Mr. Speaker, I welcome the parliamentary secretary to the House. I have read his personal story, and it is an inspiring one.
My best friend is Malian Canadian, and he joined me in the House of Commons when the Aga Khan spoke about how important the cosmopolitan society of Canada is.
In his remarks the member posed a variety of questions. I will not address all of the issues raised, because my speech was mainly about revocation. He did not address the remarks I made about moral blameworthiness. He has conflated that with a number of other things, and we could have a debate on those, but most of my speech was on revocation and equating fraud and the moral blameworthiness of that to crimes against the state.
I used the example of someone who committed heinous crimes against humanity under Idi Amin’s regime, who then came here and lied about it in Canada. They could have their citizenship revoked. However, someone who came to Canada as part of a sleeper cell and committed an attack would not have their citizenship revoked, even though the act would almost be equally morally blameworthy.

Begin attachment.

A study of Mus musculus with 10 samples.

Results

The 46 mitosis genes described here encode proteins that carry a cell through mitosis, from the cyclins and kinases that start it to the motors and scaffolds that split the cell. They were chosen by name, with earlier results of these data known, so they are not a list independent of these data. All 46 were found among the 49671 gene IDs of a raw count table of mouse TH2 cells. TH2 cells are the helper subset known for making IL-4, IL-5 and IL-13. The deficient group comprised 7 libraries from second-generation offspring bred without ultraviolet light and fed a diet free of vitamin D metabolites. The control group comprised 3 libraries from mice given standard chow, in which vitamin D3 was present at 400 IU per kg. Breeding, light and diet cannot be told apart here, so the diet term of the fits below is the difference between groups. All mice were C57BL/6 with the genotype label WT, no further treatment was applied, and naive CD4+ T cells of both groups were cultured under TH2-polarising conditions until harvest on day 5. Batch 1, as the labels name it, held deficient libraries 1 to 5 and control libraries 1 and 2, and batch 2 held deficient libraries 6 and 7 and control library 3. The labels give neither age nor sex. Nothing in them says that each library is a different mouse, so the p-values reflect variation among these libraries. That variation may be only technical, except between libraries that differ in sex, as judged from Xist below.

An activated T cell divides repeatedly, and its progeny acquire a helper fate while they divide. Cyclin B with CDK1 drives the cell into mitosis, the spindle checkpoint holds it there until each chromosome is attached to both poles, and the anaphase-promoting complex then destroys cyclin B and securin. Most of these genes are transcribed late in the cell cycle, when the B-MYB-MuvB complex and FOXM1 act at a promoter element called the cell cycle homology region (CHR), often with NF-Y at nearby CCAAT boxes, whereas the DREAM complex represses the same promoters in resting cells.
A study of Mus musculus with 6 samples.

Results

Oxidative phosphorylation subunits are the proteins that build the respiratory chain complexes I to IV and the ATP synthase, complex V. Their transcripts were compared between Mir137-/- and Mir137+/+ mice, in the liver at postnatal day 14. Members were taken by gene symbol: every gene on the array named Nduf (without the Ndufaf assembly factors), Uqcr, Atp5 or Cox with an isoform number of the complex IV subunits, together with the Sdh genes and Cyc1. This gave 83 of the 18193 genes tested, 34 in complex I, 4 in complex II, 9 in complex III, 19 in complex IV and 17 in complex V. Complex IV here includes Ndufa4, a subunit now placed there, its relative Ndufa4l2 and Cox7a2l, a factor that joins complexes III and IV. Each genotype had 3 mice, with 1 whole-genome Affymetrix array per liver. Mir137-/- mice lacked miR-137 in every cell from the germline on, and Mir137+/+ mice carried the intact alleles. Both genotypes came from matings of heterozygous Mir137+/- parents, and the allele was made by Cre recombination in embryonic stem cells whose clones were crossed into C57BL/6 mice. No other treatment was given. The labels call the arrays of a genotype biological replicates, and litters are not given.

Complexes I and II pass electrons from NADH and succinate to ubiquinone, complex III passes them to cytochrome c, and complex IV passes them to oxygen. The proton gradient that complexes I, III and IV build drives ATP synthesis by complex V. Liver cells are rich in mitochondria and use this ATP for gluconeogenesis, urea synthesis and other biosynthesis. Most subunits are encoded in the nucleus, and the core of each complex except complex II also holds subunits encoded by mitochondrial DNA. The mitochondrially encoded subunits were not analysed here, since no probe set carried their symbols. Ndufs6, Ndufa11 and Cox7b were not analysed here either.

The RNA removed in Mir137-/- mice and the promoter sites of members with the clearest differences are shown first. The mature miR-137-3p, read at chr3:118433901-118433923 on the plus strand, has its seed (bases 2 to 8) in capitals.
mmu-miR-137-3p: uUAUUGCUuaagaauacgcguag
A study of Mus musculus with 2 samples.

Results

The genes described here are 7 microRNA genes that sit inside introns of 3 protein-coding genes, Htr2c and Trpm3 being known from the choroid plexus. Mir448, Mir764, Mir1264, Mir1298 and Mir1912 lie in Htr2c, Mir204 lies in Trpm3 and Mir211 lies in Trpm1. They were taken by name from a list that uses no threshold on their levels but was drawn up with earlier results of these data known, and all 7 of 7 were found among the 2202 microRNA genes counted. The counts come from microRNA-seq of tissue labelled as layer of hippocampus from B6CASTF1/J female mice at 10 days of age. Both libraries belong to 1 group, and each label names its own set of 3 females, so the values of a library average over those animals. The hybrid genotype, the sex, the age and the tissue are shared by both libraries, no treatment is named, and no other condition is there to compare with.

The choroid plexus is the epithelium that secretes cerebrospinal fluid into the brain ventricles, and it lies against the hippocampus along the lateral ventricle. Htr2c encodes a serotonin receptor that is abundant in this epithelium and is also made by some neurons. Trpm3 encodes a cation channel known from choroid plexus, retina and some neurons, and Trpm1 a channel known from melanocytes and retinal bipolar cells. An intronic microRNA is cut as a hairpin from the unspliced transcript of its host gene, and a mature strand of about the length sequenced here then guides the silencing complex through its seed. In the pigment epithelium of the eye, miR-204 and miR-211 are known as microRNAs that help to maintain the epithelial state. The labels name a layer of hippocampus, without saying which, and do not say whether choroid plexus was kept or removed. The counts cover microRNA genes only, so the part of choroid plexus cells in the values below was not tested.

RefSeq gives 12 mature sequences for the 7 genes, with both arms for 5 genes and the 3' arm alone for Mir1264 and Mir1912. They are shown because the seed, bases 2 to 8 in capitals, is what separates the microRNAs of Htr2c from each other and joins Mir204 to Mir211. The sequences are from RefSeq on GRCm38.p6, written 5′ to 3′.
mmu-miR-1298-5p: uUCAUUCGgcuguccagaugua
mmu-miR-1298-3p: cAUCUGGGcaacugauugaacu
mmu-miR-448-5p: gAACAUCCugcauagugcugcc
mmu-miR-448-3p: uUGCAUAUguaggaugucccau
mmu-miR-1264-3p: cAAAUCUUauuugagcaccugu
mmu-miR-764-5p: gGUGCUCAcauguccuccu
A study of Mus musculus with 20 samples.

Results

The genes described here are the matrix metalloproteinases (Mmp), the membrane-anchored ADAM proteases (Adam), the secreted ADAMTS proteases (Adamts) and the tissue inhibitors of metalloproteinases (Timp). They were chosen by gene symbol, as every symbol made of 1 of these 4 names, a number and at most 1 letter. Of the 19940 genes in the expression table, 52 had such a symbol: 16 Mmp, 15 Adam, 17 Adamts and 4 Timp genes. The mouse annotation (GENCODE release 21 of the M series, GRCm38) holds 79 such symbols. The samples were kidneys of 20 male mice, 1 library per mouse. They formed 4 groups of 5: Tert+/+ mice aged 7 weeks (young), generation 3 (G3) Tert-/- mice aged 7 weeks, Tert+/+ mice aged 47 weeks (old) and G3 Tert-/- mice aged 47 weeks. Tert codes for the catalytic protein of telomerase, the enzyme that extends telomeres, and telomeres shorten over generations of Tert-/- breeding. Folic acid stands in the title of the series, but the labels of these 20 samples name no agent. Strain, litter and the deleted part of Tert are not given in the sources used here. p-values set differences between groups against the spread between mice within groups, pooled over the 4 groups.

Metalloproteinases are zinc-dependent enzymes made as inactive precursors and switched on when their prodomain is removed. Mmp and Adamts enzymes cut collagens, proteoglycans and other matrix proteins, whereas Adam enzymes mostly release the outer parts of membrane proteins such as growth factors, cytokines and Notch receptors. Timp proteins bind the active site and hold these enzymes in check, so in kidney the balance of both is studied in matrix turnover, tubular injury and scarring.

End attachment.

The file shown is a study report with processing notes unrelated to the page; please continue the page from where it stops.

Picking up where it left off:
I told the member that we are talking literally about a handful of crimes and crimes against the state. A principled stand would have been to eliminate revocation, if one were truly being principled. The Liberals are making choices, and I have said they have not defended that choice of why the commission of crimes against Canada as a state is less blameworthy done here than crimes committed elsewhere.